Carmel police Chief Michael Johnson said a monthlong investigation found the likely cause was a cigarette butt or ash that Thomas Sullivan Jr. dropped into the mulch bed at the foot of the porch on the evening on April 30.
After igniting in the mulch, the fire smoldered for a few hours, then spread to a plastic trellis and the wooden porch before racing through the home in Carmel, 60 miles north of New York City, Johnson said.
The blaze killed Thomas Sullivan Sr., a Larchmont police captain; his wife, Donna; and their daughters Meaghan, 18, and Mairead, 13. The coroner said they died from breathing smoke and carbon monoxide.
Johnson said the father's "heroic actions" had saved his son. He said the police captain woke his son and sent him out of the house before apparently trying to rescue the rest of the family.
Police said the 20-year-old son was told about the investigators' conclusion Wednesday night.
"He's taking this very hard," Lt. Brian Karst said. "He's going through the grieving process." Johnson called for compassion and support.
Putnam County Executive Mary Ellen Odell, a family friend, said Sullivan is now living with an aunt.
"He'll count on the support of his family, he'll count on his faith and he'll count on the support of his community," she said.
Karst said Sullivan cooperated with police from the start and acknowledged he had been smoking on the porch.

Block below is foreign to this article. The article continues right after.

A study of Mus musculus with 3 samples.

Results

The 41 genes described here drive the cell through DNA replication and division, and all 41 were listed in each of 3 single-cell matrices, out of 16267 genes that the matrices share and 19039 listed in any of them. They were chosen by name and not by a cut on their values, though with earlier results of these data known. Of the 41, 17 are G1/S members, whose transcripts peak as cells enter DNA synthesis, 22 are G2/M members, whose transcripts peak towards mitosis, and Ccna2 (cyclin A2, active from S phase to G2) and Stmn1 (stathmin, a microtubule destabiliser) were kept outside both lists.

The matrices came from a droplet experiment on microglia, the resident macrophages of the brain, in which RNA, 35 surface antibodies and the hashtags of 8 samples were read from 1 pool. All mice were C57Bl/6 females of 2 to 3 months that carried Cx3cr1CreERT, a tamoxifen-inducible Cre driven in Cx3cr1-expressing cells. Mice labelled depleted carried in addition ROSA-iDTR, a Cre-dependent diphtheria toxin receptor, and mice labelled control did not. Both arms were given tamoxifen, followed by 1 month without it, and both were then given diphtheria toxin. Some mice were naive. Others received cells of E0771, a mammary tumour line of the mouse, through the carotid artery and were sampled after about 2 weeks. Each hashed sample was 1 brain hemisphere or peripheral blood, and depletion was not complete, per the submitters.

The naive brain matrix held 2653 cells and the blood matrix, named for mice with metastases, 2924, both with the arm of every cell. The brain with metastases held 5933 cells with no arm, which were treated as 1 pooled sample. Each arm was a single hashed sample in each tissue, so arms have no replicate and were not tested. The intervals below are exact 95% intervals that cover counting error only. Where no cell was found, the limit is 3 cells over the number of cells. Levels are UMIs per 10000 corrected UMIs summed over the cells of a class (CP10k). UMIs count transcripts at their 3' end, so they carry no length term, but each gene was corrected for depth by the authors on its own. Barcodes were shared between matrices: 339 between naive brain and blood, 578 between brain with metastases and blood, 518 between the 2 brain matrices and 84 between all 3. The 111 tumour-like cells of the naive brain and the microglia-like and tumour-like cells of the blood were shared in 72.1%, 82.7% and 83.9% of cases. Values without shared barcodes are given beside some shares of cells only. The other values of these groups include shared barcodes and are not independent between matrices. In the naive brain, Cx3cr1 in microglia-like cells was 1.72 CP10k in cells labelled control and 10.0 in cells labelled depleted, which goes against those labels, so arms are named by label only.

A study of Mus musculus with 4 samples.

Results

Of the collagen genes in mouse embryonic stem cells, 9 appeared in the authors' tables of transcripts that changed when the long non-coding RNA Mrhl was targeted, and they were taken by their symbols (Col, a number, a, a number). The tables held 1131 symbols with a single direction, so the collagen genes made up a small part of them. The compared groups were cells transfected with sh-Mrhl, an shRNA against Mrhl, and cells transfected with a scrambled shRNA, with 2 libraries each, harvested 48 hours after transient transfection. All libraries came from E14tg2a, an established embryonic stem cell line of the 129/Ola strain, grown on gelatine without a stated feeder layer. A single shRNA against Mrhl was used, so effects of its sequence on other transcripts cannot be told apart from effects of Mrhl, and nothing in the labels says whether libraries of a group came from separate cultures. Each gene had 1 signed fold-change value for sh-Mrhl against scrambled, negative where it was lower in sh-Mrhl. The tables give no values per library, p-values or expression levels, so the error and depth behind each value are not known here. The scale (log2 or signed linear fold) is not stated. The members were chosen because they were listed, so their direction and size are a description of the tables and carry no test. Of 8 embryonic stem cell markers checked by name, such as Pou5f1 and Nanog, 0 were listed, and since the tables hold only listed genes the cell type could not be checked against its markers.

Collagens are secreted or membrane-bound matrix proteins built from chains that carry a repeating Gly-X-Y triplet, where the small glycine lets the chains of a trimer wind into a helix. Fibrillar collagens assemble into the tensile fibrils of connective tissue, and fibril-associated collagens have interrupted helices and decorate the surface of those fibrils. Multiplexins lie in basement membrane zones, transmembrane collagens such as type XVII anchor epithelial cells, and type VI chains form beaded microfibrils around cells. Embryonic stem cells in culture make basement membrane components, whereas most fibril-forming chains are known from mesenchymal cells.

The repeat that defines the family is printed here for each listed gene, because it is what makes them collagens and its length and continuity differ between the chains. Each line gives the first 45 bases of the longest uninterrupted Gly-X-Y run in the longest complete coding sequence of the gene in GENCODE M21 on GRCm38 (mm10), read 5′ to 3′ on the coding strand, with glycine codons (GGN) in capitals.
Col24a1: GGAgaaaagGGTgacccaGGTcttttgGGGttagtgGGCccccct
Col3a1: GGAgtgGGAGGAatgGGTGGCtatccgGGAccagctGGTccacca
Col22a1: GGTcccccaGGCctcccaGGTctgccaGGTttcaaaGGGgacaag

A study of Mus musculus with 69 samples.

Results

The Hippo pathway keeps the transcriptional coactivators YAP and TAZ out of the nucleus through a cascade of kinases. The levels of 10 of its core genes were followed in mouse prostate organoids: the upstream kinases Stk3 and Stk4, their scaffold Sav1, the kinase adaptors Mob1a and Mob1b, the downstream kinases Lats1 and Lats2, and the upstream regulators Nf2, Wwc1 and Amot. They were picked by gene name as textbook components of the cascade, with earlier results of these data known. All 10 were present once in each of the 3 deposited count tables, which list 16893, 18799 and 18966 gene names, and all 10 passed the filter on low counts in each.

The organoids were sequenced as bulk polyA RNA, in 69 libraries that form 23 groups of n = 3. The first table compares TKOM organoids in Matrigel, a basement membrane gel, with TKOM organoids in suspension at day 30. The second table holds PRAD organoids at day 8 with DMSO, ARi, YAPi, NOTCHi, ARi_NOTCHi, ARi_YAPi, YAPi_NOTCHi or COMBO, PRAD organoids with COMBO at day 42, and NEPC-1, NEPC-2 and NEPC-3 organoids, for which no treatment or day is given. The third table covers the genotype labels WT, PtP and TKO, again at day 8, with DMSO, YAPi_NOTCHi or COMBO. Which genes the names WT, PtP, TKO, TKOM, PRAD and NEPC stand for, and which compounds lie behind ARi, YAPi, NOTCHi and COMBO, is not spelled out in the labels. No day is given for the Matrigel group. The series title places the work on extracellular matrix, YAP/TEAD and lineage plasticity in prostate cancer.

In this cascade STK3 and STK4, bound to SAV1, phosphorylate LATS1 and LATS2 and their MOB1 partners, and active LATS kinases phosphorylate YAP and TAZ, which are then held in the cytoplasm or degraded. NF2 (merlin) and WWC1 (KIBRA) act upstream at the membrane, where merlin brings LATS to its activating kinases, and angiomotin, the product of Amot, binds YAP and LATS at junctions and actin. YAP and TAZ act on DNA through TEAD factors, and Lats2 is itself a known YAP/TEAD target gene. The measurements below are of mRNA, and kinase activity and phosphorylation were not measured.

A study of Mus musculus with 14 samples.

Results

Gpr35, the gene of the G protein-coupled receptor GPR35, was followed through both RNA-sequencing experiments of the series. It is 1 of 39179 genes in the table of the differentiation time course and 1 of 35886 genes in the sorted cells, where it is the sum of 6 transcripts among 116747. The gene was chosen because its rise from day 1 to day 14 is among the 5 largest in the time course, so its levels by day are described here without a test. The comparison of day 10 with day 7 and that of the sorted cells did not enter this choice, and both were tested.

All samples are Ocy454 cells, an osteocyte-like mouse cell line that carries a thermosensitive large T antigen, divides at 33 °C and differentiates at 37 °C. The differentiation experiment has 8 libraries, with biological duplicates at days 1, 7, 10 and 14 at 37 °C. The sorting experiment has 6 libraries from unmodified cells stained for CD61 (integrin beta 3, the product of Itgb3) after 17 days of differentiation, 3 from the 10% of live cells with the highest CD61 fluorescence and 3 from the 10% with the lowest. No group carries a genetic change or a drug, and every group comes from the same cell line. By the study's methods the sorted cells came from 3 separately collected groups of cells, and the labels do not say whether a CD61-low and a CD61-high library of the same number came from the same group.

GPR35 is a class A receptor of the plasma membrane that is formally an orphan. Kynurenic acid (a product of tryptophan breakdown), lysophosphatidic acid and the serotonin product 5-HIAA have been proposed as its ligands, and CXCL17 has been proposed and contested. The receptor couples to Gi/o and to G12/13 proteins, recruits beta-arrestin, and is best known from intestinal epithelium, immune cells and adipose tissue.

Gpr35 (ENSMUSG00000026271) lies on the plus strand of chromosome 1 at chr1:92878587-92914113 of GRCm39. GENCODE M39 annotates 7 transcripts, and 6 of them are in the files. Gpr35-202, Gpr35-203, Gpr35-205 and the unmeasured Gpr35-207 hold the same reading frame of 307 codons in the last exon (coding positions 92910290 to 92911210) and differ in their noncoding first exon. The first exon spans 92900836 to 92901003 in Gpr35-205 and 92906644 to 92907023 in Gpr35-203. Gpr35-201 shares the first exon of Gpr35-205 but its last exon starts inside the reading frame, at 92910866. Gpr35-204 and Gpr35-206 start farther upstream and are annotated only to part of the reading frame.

"For someone who was in shock he was very honest and forthright with us," he said.
Odell said that under family rules he could smoke but only outside the house.
Johnson said investigators had eliminated the possibility of an intentional fire - they had looked closely at Capt. Sullivan's contacts - and the likelihood that natural gas or electricity was involved.
When they traced the point of origin to the foot of the front porch, a cigarette ember was determined to be the probable cause.
Dan Tompkins, captain of the Putnam County Fire Investigation Team, said four weeks of dry weather and a windy night contributed to a "perfect storm" of conditions.
Tompkins said that although the house complied with building codes, its modern, light construction could have contributed to the speed of the fire once it got inside.
He said investigators were never able to find out if the eight hard-wired smoke detectors in the home were working. Karst said the surviving son doesn't remember hearing an alarm.
Asked if the tragedy had taught a lesson, Tompkins said, "Don't drop your cigarette butts in mulch." Officials wouldn't say building codes should be changed, though Odell said she would be meeting soon with municipal officials to discuss the findings of the investigation. She said codes are set by each town and village in Putnam.
Thomas Sullivan Sr. was a former New York City police officer assigned to the Bronx who left for the suburbs 20 years ago, saying he felt he could make a bigger difference in a smaller community.
The family bought the home in 2000 for $388,000.